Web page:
Friday, April 9, 2010

Integrity in the recovery proces. Meaning what you say and saying what you mean

A few weeks ago (March 13) I talked about the role of discernment. Discernment is the process of deciding, choosing, and uncovering for yourself what is at your core and your personal truth. As part of the discernment process, integrity is essential. A quick definition of integrity is meaning what you say and saying what you mean. And for most people in the depths of addiction and compulsivity, all integrity has been lost. Trust of you by another person is built on your integrity. Early in the process, integrity is absent. Two recent examples in my practice highlight the importance of integrity.

A client who I hadn’t seen for many years let me know he celebrated 9-months free from meth use. In offering congratulations, I asked how was he able to stay sober. His response was “I discovered I wasn’t being honest about stopping. Yeah, I told you I wanted to stop, but I was still glamorizing the drug and sex.”

Another client talked about a recent use of pornography. He said “I’m not able to stop viewing porn. Oh, by the way, my wife thinks pornography is a problem, but I don’t. “

Both examples highlight the role and difficulty of integrity. Only when you’re transparent about who and what is important in your life, can you build integrity. It is imperative that you be radically honest in the process. Tell everything to your support network. If you engaged in a behavior, say so. Minimizing is a failure of integrity and feeds the acting out cycle. Sharing every interior/secret thought helps uncover the multiple rationales behind your behavior. Saying you want “A” because your partner wants “A” is a failure of integrity. Being honest about what you want, for example, reduces resentment.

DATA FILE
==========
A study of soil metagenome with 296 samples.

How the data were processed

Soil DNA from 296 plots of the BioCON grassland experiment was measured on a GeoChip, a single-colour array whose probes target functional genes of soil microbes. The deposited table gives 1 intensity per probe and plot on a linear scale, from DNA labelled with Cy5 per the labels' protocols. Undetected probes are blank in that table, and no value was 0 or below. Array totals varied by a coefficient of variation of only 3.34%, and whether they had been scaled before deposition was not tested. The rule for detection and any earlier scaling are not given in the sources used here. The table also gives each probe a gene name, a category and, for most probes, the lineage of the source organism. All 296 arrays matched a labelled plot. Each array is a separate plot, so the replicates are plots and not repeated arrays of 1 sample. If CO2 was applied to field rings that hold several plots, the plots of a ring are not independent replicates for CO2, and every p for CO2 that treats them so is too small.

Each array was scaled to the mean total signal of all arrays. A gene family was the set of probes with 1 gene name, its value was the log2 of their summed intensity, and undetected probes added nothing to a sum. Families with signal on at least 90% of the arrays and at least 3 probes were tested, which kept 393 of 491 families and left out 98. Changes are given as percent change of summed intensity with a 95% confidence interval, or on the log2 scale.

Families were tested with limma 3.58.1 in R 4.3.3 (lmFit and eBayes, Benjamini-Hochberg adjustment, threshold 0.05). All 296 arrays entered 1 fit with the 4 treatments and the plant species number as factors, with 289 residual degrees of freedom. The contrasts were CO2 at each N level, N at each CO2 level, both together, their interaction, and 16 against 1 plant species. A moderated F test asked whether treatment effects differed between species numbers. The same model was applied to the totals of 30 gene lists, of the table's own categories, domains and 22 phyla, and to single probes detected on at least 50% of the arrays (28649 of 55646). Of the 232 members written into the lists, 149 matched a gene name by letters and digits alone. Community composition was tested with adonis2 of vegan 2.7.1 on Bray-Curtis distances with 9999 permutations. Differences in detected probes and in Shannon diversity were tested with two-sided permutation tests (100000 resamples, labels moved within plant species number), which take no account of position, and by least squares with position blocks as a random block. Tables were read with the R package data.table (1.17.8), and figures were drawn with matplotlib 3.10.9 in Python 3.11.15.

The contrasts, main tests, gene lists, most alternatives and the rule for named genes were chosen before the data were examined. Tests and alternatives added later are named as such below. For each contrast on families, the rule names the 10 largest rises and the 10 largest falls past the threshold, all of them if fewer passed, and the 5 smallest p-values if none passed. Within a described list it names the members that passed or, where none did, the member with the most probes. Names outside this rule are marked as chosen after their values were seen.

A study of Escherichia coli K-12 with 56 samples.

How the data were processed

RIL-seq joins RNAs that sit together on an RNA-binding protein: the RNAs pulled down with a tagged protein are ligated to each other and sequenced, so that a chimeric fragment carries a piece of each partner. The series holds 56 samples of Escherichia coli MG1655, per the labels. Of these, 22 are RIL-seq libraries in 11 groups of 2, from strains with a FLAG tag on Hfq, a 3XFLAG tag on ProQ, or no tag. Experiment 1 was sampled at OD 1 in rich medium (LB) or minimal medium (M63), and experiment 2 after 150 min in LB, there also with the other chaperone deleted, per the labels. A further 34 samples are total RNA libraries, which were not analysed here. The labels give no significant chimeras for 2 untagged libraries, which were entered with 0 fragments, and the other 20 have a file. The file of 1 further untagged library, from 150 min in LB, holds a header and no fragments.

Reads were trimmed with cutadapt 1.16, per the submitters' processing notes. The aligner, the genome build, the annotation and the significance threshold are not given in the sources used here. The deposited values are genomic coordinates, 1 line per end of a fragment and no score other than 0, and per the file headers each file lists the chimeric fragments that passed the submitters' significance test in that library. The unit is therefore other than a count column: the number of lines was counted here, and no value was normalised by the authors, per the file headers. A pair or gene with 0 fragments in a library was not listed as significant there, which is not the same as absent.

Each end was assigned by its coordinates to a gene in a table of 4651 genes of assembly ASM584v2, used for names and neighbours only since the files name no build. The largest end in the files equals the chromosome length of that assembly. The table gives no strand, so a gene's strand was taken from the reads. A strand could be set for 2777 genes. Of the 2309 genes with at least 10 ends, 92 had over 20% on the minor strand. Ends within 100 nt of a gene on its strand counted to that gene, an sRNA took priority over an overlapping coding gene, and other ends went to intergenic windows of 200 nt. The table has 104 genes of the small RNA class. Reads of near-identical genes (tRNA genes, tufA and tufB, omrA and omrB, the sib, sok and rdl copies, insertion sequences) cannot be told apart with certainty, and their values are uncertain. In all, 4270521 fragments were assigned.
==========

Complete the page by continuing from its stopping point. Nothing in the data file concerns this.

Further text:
Building integrity requires recognizing the disconnect between what you say and what you do, and then completing the steps toward honesty. It requires work, and conflict may ensue. There are ways to recognize the level of integrity in your life. Think about the following:

1) When someone asks, “How are you today?” do you respond with a bland response or with integrity? “It’s a good day” or “It’s a bad day.”

2) When you engage in a conversation about where to eat, for example, do you put your opinion out there, or simply “go along?”

3) When you struggle with a goal, are you sure that it is YOUR goal. Are you ready to put the work toward reaching the goal? For example, do you really want to loose the 15 lbs, or are you simply bowing to the pressures of culture saying you should when you really don’t want to do what is necessary regarding diet and exercise.

4) When your partner says, “stop that” do you agree with his/her request, or do you go along with the request to avoid conflict? For example, I agree to no porn. Or, I agree to engage in sex today.